Fumbles in the Ray Rice fiasco: NFL commissioner worsens problem

Staff Writers

Ray Rice, former running back for the Baltimore Ravens, has made the most of his six years in the NFL; he has earned three trips to the Pro Bowl and became a Super Bowl champion in 2013. Rice, coming off of a mediocre season, was looking to bounce back in 2014 and re-establish himself as one of football’s best running backs.

He will not have the opportunity to prove himself in 2014, though.  In fact, he may never be able to step on a NFL field again. Two videos surfaced of him beating and dragging his wife out of an elevator in Atlantic City, both released by TMZ (Thirty Mile Zone.)  The first video, released on February 19, shows Rice dragging his unconscious then-fiancée Janay Palmer from an elevator at the Revel Casino. The second video, released on September 8, shows what happened inside the elevator. Rice and Palmer were arguing as they stepped into the elevator. Moments after the door closed, Rice hit Palmer in the face, rendering her unconscious. Hours after the release of the second video, the Baltimore Ravens outed the 27-year-old from the team, and the NFL suspended him.

The way Roger Goodell, the NFL’s commissioner, handled the crisis is almost as disturbing as the horrific beating. Initially, Goodell suspended Rice for only two games of the 2014 season. Rice admitted to what he did in that elevator, but the lack of video confirmation must have held Goodell back from giving Rice a serious penalty. After the second video was made public, Goodell suspended Rice indefinitely.

There is more to the story, however. Goodell not only had confirmation of the incident from Ray Rice but also had the videos all along. In an interview conducted by CBS, Goodell claimed, “We assumed that there was a video. We asked for video. But we were never granted that opportunity.” But an unnamed law enforcement official begs to differ; according to an interview conducted by the Associated Press, the official sent the NFL a 12-second voicemail confirming that the video arrived at NFL offices as early as April, months before Goodell claimed to have seen it.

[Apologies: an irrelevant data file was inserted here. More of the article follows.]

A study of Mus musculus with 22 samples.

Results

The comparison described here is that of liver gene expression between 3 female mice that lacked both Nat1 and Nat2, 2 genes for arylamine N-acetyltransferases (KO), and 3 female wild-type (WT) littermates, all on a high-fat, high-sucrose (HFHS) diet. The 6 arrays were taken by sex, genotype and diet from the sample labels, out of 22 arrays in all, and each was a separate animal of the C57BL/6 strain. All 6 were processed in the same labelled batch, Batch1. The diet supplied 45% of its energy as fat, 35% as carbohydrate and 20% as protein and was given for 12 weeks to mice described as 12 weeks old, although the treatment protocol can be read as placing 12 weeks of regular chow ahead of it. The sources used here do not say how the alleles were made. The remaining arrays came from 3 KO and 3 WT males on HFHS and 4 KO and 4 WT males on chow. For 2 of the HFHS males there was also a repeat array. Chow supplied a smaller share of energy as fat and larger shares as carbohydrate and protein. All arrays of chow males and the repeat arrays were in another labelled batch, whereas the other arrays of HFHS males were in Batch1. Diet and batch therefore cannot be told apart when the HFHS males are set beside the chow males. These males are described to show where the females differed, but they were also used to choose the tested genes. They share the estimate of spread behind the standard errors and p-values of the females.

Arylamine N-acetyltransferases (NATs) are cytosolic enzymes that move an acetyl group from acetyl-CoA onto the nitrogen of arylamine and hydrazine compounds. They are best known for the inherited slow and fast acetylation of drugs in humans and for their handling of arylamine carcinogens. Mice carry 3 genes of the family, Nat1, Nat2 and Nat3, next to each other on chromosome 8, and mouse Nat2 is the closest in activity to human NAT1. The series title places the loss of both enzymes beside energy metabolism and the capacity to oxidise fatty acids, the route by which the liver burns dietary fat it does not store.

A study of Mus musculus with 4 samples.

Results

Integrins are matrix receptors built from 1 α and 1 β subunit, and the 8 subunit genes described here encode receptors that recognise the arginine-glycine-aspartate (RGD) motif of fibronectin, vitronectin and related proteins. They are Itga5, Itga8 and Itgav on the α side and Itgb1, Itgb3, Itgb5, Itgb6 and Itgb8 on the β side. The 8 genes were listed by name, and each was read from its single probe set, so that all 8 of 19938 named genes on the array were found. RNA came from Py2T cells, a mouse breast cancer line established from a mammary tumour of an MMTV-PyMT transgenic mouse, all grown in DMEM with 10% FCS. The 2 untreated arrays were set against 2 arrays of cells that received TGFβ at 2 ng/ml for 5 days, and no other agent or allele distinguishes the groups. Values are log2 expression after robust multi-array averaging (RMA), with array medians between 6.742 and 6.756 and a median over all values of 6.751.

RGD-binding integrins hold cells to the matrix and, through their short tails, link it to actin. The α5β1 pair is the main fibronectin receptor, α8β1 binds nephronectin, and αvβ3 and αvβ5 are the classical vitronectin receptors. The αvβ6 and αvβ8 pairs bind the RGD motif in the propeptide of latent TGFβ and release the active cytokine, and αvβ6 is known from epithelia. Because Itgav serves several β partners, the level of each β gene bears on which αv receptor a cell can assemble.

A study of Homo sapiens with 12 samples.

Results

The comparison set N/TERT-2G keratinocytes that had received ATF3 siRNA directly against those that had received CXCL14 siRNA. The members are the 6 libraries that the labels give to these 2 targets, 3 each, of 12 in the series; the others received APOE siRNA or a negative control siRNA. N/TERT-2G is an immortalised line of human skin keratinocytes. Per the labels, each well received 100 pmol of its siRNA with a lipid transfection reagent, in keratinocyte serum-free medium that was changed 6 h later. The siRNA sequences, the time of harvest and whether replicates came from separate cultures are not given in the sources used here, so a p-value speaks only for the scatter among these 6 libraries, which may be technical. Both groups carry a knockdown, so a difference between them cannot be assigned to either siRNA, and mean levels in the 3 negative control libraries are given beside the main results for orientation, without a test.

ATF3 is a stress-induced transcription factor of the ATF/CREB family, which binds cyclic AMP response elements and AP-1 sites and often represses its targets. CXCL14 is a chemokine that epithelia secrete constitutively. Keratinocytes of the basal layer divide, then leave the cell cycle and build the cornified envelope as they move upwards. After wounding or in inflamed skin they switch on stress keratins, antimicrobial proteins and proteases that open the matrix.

Domestic violence is entirely unacceptable. The fact that Rice— whom so many young people admire and cheer on— committed such a violent offense is sickening. With that being said, he is not the only offender here.

Roger Goodell allowed NFL players to become arrogant in terms of what they can and cannot do. To an extent, football is a way for people to be aggressive and violent without consequences. Therefore, players should follow a strict code of limited conduct. It is important to monitor their behaviors on and, more importantly, off the field.

Domestic violence has long been a problem for football players. Many players simply cannot control their anger and aggression, often leading to actions that they regret. Desmond (Dez) Bryant, the star Dallas Cowboys wide receiver and a familiar name to many NFL fans, is an example of this. In July 2012, police arrested him for assaulting his mother after a verbal altercation. He was only required to undergo anger counseling: no charges were filed.

Who knows how many more physical abuses will go unpunished? Roger Goodell’s unwillingness to act against these abusive players gives the NFL a bad reputation. What the NFL needs is a leader who has more in mind for what is good for the sports organization as a whole, rather than what the individual players want. The NFL needs someone who will say enough is enough, set and enforce limits for the players; that someone is not Roger Goodell.